Unemployment Rate Steady, but Labor Force Participation Falls Again
Consumer Prices Completely Flat Year-over-Year

Why Is Unemployment so High in Spain?

Do you think it is hard to find a job in the United States? Try looking in Spain, where youth (15-24 years old) unemployment rates have exceeded 50% since 2012.  The figure below shows youth unemployment for both Spain and the United States beginning in 1995.  Even when Spain was experiencing strong economic growth from 1995 to 2008, youth unemployment rates were around 20 percent!

Spain Youth Unemployment

But it is not just rough for the youth of Spain: the figure below shows overall unemployment rates in Spain, which consistently dwarf those from the United States. 

Spain Unemployment

Economists believe the main reasons for these differences are labor market regulations in Spain – regulations that were actually put in place to help workers.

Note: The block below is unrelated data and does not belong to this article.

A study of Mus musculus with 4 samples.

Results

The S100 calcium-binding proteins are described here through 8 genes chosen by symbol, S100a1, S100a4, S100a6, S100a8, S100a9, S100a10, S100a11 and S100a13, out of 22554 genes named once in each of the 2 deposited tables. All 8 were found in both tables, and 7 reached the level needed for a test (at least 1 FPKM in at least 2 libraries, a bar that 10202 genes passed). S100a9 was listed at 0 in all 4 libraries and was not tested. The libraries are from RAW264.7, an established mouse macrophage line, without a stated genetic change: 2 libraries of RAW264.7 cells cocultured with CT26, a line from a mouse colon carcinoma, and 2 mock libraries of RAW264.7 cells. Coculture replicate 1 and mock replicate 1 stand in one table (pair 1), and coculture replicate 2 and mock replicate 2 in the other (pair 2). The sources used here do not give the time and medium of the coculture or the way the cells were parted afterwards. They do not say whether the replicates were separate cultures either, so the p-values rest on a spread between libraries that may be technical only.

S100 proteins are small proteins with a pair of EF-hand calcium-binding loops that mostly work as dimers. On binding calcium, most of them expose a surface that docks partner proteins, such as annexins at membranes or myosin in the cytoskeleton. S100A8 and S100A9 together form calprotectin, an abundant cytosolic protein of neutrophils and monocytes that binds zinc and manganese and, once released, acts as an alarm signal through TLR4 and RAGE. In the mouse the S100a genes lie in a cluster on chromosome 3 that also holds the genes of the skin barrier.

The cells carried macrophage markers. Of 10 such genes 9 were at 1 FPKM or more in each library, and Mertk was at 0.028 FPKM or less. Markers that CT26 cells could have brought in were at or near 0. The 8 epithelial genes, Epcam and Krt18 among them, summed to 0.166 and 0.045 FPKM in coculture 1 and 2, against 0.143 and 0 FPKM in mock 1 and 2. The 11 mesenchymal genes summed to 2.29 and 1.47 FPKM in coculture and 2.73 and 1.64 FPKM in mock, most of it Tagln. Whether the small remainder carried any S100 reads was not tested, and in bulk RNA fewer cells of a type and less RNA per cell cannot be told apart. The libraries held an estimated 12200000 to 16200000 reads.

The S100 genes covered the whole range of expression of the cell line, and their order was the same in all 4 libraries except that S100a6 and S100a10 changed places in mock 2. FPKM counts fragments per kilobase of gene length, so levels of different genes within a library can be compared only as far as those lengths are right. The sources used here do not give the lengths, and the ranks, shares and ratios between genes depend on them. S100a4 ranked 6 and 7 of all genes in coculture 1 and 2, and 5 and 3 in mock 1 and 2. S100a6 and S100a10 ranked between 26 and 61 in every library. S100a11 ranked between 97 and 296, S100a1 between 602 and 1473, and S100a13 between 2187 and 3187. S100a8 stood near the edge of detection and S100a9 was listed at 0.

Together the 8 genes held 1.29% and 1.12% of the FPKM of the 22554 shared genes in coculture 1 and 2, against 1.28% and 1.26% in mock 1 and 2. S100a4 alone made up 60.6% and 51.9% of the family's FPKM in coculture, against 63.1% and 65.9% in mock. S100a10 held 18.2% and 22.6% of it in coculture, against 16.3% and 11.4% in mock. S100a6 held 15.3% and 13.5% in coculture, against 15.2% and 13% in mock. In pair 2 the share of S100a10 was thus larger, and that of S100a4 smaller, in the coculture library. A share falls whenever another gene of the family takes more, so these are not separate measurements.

For example, mandated severance pay in Spain is particularly generous.  Until 2012, any Spanish firm that wished to fire a worker was required to continue to pay them for 45 days for every year they were employed.  Thus, if a firm wanted to fire a ten-year employee, they’d have to pay them for 450 days after their employment ended.  This regulation make it very difficult for young workers to break into the labor force.  They also incentivize firms to search longer for just the right worker to fill open positions.  Both of these increase frictional unemployment.  In 2012 this requirement was reduced to 20 days of pay for every year of employment.

Another regulation is mandated annual increases in wages and benefits.  That is, firms are required by law to give pay and benefits raises every year.  Think about this from the firm’s perspective: before you ever hire and retain a worker for more than a year, you will be sure they are worthy of their current pay plus raises.  These regulations increase the time firms spend searching for just the right match, and again, increase frictional unemployment.

Remember: Incentives affect behavior.

All of this data is available from the Organization for Economic Co-operation and Development (OECD).